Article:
Towards a Comprehensive Theory of Nurse/Patient Empowerment: Applying Kanter's Empowerment Theory to Patient Care
Aim: The purpose of this theoretical paper is to propose an integrated model of nurse/patient empowerment that could be used as a guide for creating high-quality nursing practice work environments that ensure positive outcomes for both nurses and their patients.
Background: There are few integrated theoretical approaches to nurse and patient empowerment in the literature, although nurse empowerment is assumed to positively affect patient outcomes.
Evaluation: The constructs described in Kanter's (1993) work empowerment theory are conceptually consistent with the nursing care process and can be logically extended to nurses' interactions with their patients and the outcomes of nursing care.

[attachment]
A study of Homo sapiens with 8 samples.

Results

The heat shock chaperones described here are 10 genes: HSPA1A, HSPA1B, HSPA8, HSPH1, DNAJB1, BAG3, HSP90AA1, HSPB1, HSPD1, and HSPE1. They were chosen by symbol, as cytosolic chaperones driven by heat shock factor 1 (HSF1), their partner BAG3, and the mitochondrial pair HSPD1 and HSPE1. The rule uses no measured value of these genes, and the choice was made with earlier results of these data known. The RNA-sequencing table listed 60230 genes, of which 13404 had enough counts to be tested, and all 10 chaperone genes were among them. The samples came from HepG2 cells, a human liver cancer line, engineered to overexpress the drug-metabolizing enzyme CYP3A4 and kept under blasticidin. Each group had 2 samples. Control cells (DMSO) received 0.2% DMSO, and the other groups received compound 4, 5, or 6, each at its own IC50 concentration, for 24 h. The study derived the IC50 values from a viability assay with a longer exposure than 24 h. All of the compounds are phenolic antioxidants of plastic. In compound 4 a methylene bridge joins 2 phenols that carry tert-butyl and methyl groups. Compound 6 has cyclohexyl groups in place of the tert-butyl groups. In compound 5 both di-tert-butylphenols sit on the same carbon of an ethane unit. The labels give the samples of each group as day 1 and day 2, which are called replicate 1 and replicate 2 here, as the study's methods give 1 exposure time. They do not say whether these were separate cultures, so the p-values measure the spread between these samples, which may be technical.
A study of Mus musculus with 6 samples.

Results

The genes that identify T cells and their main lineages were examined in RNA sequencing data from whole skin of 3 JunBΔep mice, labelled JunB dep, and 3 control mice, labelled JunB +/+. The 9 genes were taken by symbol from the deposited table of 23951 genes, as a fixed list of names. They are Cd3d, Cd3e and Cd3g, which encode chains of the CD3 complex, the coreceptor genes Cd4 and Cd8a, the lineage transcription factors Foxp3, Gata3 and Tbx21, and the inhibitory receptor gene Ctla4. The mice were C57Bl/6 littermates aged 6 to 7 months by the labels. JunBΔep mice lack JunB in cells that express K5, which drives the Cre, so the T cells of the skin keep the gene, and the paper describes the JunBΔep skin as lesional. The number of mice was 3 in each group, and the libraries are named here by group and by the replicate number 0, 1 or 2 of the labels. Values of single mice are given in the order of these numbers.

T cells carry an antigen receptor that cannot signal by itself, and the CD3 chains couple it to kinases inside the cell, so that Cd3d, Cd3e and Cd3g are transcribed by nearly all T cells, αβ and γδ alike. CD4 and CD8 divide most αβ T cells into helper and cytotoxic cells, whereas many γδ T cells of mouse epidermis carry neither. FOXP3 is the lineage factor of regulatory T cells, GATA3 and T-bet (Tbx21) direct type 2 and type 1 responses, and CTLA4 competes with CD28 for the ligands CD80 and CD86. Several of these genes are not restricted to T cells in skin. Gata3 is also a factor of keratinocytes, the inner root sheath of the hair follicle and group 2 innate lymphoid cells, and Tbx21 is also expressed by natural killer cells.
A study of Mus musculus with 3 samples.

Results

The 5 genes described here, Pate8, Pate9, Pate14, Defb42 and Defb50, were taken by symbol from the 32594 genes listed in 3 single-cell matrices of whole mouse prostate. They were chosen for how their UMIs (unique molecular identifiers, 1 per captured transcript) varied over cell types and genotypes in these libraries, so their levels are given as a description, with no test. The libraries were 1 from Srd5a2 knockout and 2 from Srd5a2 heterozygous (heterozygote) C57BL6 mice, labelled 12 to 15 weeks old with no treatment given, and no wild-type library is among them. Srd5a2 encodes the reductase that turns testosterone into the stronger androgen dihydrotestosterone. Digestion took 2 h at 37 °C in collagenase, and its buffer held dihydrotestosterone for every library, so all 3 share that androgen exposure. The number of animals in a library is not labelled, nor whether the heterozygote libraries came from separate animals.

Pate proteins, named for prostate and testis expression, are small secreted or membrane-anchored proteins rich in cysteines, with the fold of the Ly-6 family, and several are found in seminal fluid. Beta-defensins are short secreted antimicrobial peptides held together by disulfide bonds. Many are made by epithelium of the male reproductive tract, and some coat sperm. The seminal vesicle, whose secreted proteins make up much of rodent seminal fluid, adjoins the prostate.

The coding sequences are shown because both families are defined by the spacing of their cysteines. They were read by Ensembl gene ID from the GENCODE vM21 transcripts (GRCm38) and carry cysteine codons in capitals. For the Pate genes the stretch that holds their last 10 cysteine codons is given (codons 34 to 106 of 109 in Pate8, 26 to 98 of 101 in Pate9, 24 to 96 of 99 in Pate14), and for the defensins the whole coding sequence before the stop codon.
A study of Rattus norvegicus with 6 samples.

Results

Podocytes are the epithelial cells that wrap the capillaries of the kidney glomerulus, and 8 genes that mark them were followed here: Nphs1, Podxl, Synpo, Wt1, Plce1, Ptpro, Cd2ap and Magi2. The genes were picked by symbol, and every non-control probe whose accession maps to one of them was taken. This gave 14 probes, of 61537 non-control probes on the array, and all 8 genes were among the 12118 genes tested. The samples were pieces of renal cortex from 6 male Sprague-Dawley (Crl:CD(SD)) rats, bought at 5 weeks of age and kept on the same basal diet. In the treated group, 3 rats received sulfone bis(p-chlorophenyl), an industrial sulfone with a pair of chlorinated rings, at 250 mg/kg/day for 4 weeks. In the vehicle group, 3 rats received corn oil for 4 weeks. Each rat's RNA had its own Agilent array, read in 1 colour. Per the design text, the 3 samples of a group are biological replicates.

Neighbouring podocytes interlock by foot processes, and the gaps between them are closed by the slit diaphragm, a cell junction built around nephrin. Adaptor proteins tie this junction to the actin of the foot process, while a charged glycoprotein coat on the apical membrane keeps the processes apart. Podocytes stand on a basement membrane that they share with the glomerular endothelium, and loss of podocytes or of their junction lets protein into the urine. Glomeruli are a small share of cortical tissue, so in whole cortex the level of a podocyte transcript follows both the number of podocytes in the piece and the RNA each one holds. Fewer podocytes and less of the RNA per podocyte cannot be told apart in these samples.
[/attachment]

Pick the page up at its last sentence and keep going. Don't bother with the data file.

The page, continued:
Key issues: We propose a model of nurse/patient empowerment derived from Kanter's theory that suggests that empowering working conditions increase feelings of psychological empowerment in nurses, resulting in greater use of patient empowerment strategies by nurses, and, ultimately, greater patient empowerment and better health outcomes.
Conclusions: Empirical testing of the model is recommended prior to use of the model in clinical practice.
Implications for Nursing Management: We argue that empowered nurses are more likely to empower their patients, which results in better patient and system outcomes. Strategies for managers to empower nurses and for nurses to empower patients are suggested.